Thursday, October 13, 2011 @ 5:00 pm EDT
In revising their own texts, or other people’s texts, writers erase the past, remodel it, or reinvent it. They create versions of themselves, and those versions are recorded in the textual identities they create through revision. By studying revision, we are able to see not only how a single writer evolves but also how a culture insists upon certain evolutions, with or without the writer’s consent.
Therefore, the dynamics of revision can take us to the heart of identity formation both in its expressive and repressive strains. What compels a culture to rewrite its texts? How do we track revision in order to “see” or rather “give witness to” revisionary processes? In addressing these problems, digital scholarship can offer far more access to the fluid texts that expose the dynamics of revision and help us confront the necessity of revision in our culture.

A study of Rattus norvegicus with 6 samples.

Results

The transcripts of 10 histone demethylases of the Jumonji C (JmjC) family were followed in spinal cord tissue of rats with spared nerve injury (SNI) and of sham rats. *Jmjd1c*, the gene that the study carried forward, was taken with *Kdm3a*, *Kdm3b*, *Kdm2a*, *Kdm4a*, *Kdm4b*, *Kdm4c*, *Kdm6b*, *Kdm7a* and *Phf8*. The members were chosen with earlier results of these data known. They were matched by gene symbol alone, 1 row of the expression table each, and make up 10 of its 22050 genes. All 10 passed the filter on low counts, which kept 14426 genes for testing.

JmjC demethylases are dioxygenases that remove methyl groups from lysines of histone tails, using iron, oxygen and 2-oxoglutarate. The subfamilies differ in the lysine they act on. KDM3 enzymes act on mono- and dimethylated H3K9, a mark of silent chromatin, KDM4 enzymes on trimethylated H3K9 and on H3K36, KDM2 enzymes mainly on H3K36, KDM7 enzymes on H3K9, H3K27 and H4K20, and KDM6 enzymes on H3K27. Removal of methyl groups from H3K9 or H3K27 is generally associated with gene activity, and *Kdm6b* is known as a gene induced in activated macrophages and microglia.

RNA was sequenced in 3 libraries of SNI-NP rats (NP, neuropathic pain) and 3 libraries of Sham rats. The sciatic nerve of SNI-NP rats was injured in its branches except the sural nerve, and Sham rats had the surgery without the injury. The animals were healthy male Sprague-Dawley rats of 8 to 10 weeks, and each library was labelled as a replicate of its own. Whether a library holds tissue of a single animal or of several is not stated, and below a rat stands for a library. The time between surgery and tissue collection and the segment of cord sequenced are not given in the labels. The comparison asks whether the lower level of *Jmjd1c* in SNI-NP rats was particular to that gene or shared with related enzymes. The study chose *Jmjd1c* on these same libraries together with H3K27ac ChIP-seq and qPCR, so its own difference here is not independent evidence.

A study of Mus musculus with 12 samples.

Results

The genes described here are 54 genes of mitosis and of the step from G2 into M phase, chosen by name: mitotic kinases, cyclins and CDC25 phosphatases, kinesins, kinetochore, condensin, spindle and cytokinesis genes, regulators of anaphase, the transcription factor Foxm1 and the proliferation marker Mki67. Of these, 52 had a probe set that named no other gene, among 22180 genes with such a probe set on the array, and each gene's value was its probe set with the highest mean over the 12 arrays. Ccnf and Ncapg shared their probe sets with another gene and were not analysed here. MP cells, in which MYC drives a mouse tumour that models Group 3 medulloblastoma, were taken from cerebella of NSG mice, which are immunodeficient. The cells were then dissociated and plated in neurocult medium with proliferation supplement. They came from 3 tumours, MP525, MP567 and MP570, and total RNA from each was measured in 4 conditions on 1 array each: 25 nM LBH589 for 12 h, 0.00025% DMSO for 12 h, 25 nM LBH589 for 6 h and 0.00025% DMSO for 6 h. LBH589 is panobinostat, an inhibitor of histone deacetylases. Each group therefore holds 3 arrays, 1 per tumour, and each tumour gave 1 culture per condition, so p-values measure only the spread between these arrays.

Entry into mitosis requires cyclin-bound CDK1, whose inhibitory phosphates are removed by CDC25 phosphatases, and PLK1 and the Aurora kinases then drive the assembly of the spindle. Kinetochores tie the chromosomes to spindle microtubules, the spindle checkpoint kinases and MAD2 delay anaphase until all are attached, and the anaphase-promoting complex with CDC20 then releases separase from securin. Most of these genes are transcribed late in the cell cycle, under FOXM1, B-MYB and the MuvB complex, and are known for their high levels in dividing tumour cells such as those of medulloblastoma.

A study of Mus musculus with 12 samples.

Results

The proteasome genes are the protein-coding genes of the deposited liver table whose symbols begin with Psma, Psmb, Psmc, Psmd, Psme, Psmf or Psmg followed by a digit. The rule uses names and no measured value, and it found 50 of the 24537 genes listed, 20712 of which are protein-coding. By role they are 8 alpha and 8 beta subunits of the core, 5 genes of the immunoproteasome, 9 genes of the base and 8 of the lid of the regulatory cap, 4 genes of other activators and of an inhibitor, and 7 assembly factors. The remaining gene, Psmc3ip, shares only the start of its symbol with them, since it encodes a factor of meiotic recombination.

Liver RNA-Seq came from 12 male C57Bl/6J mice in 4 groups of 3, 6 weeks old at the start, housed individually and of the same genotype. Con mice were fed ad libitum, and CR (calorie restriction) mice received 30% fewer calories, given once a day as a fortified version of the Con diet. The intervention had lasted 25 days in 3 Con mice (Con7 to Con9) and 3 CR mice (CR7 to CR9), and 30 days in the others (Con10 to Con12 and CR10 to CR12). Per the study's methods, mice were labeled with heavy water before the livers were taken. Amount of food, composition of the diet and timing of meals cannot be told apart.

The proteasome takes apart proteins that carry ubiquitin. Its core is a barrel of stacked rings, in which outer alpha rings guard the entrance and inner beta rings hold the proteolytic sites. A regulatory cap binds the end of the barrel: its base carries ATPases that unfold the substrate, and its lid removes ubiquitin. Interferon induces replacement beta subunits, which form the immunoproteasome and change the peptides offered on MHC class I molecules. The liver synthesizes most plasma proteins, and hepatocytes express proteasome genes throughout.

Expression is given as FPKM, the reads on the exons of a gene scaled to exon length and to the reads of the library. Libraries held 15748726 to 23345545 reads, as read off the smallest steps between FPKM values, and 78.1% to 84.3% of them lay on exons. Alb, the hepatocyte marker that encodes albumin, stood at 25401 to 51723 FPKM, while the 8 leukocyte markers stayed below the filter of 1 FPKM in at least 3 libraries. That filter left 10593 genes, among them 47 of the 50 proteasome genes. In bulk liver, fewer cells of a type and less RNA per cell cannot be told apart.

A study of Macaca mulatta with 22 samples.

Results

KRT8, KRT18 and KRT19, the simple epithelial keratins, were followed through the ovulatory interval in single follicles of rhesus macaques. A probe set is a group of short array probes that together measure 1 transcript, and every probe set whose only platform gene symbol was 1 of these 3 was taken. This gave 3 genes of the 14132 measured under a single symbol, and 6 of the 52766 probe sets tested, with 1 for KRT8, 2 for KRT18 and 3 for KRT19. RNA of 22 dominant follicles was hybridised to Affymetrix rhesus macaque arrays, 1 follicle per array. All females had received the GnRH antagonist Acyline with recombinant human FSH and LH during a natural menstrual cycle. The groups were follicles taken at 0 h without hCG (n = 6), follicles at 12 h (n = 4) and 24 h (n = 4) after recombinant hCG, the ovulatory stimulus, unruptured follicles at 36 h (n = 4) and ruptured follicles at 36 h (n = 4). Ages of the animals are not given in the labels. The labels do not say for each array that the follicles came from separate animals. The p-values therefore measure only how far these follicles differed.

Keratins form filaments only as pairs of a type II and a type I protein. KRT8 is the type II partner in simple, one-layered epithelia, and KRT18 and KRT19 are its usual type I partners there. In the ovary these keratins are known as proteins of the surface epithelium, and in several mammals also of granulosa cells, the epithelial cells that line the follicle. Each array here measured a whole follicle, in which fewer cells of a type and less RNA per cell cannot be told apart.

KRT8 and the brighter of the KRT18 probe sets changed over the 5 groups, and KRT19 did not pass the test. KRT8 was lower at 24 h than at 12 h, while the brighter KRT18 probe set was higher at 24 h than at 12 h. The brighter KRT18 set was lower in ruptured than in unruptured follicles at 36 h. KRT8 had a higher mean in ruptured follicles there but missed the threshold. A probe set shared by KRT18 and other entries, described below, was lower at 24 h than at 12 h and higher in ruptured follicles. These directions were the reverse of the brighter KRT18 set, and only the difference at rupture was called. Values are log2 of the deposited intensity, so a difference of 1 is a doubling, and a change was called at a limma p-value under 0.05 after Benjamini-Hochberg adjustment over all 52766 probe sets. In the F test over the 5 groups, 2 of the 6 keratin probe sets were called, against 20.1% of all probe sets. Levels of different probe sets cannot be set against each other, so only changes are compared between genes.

John Bryant will draw upon examples from revision studies, adaptation, and translation in order to highlight the elements of creativity, appropriation, and cultural difference that are at stake in dealing with the ethics and editing of revision. Along the way, he will demonstrate TextLab, the Melville Electronic Library’s revision editing tool, and discuss the ethical as well as editorial dimensions of other imagined tools, such as Melville Remix and How Billy [Budd] Grew.
Bryant is Professor of English at Hofstra University and received his BA. MA, and PhD from the University of Chicago. He has written on Melville, related writers of the nineteenth-century, and textual scholarship. He is also editor of Leviathan: A Journal of Melville Studies. His recent book, Melville Unfolding: Sexuality, Politics, and the Versions of Typee (Michigan 2008), is based on his online fluid-text edition Herman Melville’s Typee. He is currently working on a critical biography, Herman Melville: A Half-Known Life (Wiley) and the NEH-funded Melville Electronic Library (MEL), an online critical archive and “We the People” project.